The scale and severity of our environmental challenges are quickly becoming apparent. The Indian Ocean region features many places particularly vulnerable to the effects of environmental degradation and climate change, which will have profound social, economic, and cultural impacts. The increasing preoccupation with the state of the environment is also having significant political effects, including on the concept and content of citizenship. The language of citizenship has permeated environmental discourse and, conversely, environmental issues are often articulated in the language of citizenship.
This book explores environmental citizenship and civil society responses to environmental challenges in the Indian Ocean region. The articles provide practical insights to improve resilience and adaptation, as well as conceptual insights into the nature of environmental citizenship discourse and practice across this vast region, from Mauritius to Malaysia. The volume showcases the complex field of environmental citizenship through a wide range of approaches, and alongside closely related concepts, such as environmental governance, environmental education, environmental justice, and corporate social responsibility. In essence, the book provides a rich, diverse and multidimensional picture of environmental citizenship in the Indian Ocean region.
The chapters in this book were originally published as a special issue in the Journal of the Indian Ocean Region.
Table of Contents
Introduction: Environmental citizenship in the Indian Ocean region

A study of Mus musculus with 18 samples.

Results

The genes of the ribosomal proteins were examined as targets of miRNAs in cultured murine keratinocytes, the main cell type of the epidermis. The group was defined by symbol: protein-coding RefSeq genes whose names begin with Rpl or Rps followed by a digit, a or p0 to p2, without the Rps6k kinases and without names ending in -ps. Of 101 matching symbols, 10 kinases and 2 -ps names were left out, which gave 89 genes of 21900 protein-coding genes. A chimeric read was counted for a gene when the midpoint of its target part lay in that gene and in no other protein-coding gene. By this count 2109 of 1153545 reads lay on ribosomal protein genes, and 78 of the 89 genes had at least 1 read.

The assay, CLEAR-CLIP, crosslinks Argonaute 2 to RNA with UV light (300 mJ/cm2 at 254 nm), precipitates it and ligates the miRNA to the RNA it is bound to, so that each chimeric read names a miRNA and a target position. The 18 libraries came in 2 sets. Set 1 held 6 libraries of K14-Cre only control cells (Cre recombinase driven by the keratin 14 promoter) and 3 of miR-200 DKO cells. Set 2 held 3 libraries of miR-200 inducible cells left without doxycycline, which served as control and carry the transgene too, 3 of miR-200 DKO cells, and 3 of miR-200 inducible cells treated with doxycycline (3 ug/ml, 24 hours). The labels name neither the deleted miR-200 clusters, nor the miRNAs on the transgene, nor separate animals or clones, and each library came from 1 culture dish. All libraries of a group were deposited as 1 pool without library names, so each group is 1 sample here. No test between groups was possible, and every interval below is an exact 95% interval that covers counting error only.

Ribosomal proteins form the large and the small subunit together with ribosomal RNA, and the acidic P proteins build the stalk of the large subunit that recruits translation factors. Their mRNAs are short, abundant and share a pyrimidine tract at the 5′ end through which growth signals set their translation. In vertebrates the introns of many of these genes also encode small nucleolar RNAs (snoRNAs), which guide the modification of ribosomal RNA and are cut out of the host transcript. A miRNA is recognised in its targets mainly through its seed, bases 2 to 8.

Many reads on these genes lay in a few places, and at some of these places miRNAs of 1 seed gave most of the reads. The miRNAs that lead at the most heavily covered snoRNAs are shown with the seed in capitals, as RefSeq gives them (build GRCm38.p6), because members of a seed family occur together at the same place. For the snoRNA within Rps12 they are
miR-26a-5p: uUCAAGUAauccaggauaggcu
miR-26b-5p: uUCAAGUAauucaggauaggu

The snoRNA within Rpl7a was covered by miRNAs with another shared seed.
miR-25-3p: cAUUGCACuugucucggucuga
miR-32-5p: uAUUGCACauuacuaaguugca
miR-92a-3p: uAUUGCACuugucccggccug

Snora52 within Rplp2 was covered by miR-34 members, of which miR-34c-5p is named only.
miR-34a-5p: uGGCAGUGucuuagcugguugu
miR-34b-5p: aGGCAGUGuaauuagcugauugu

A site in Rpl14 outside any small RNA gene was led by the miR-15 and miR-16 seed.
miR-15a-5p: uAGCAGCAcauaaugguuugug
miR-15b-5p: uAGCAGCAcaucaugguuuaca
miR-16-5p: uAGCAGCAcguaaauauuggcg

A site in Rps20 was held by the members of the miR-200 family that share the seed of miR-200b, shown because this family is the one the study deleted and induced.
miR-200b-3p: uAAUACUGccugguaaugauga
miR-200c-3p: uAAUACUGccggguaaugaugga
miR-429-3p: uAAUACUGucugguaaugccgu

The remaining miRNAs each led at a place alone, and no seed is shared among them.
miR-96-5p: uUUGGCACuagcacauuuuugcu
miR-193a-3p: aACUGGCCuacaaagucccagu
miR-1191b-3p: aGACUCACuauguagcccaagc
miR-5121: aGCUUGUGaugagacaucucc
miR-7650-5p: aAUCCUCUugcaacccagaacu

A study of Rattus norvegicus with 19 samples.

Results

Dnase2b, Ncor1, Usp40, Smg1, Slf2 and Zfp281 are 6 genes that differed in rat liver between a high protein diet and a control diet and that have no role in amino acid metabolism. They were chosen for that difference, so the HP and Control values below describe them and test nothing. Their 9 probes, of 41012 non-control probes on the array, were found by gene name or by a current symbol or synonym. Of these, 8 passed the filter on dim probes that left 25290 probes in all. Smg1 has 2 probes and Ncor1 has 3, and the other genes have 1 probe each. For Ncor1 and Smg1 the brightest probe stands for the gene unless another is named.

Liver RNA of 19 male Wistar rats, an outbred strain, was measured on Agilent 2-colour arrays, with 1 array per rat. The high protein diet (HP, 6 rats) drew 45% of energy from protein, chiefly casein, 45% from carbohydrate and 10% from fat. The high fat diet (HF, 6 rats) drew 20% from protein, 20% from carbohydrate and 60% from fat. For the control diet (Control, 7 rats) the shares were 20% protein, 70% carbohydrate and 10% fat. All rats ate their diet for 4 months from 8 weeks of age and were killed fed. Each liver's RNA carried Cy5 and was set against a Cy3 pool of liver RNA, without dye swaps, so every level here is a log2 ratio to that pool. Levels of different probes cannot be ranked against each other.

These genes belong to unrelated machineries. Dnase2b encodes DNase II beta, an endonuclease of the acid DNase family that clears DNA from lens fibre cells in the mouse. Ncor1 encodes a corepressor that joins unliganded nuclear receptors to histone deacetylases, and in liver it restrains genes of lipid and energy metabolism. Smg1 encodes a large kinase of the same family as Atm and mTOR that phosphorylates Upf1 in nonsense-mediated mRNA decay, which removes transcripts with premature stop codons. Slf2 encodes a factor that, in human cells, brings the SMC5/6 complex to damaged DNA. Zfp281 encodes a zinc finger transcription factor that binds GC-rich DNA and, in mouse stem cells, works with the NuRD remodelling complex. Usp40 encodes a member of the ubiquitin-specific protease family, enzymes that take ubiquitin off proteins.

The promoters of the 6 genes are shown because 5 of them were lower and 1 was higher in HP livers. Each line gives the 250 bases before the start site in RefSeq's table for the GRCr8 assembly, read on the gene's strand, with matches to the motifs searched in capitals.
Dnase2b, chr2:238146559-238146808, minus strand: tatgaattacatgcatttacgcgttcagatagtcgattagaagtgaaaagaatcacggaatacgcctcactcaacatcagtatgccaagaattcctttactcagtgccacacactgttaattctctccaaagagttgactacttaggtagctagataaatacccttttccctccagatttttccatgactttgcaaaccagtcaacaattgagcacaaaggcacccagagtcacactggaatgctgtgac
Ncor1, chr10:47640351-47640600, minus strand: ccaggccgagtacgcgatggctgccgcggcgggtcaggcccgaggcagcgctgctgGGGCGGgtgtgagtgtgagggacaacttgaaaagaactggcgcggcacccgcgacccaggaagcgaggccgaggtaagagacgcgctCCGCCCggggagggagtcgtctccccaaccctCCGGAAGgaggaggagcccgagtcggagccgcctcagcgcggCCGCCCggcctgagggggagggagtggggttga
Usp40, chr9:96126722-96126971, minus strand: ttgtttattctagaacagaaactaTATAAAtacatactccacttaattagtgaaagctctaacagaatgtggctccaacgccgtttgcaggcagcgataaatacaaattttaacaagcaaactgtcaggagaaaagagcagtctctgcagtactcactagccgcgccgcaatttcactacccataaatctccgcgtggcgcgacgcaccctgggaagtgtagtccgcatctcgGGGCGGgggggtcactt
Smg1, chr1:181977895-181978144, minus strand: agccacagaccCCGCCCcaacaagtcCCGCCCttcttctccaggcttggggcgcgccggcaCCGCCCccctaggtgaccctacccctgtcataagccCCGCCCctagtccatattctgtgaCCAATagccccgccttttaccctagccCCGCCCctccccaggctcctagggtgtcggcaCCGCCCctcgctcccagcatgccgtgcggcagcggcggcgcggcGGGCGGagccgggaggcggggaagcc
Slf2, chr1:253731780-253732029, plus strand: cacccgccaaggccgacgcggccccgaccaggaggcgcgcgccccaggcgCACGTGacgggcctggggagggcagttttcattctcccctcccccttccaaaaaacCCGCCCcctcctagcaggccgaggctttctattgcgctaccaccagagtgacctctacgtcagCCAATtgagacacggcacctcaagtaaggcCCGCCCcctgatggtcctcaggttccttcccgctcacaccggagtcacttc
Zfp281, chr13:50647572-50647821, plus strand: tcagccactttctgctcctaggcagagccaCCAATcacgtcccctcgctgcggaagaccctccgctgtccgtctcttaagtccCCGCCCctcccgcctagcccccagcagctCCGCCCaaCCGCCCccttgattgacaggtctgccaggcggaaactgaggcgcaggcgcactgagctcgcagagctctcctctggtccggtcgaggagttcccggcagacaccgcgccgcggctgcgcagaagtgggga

1. Climate change adaptation: the need for an Indian Ocean regional metamorphosis
Victor R. Savage and Lin Qi Feng
2. Indian Ocean fisheries regulation: exploring participatory approaches to support small-scale fisheries in six States
3. Ecosocial work through corporate social responsibility: the case of company engagement with civil society in coastal communities in Mauritius
Brita Backlund Rambaree
4. Crisis, constitutionalism and the geographies of belonging: Indian eco-politics in the Anthropocene
Ramya K. Tella
5. Contradictions of citizenship and environmental politics in the Arabian littoral
Ian R. Simpson
6. Environmental citizenship for inclusive sustainable development: the case of Kelab Alami in Mukim Tanjung Kupang, Johor, Malaysia
Benito Cao is Senior Lecturer in Politics at the University of Adelaide. He has a vast teaching experience and has received numerous teaching awards. He has published in the fields of identity politics, critical thinking, citizenship studies and environmental politics, and is the author of Environment and Citizenship (Routledge 2015).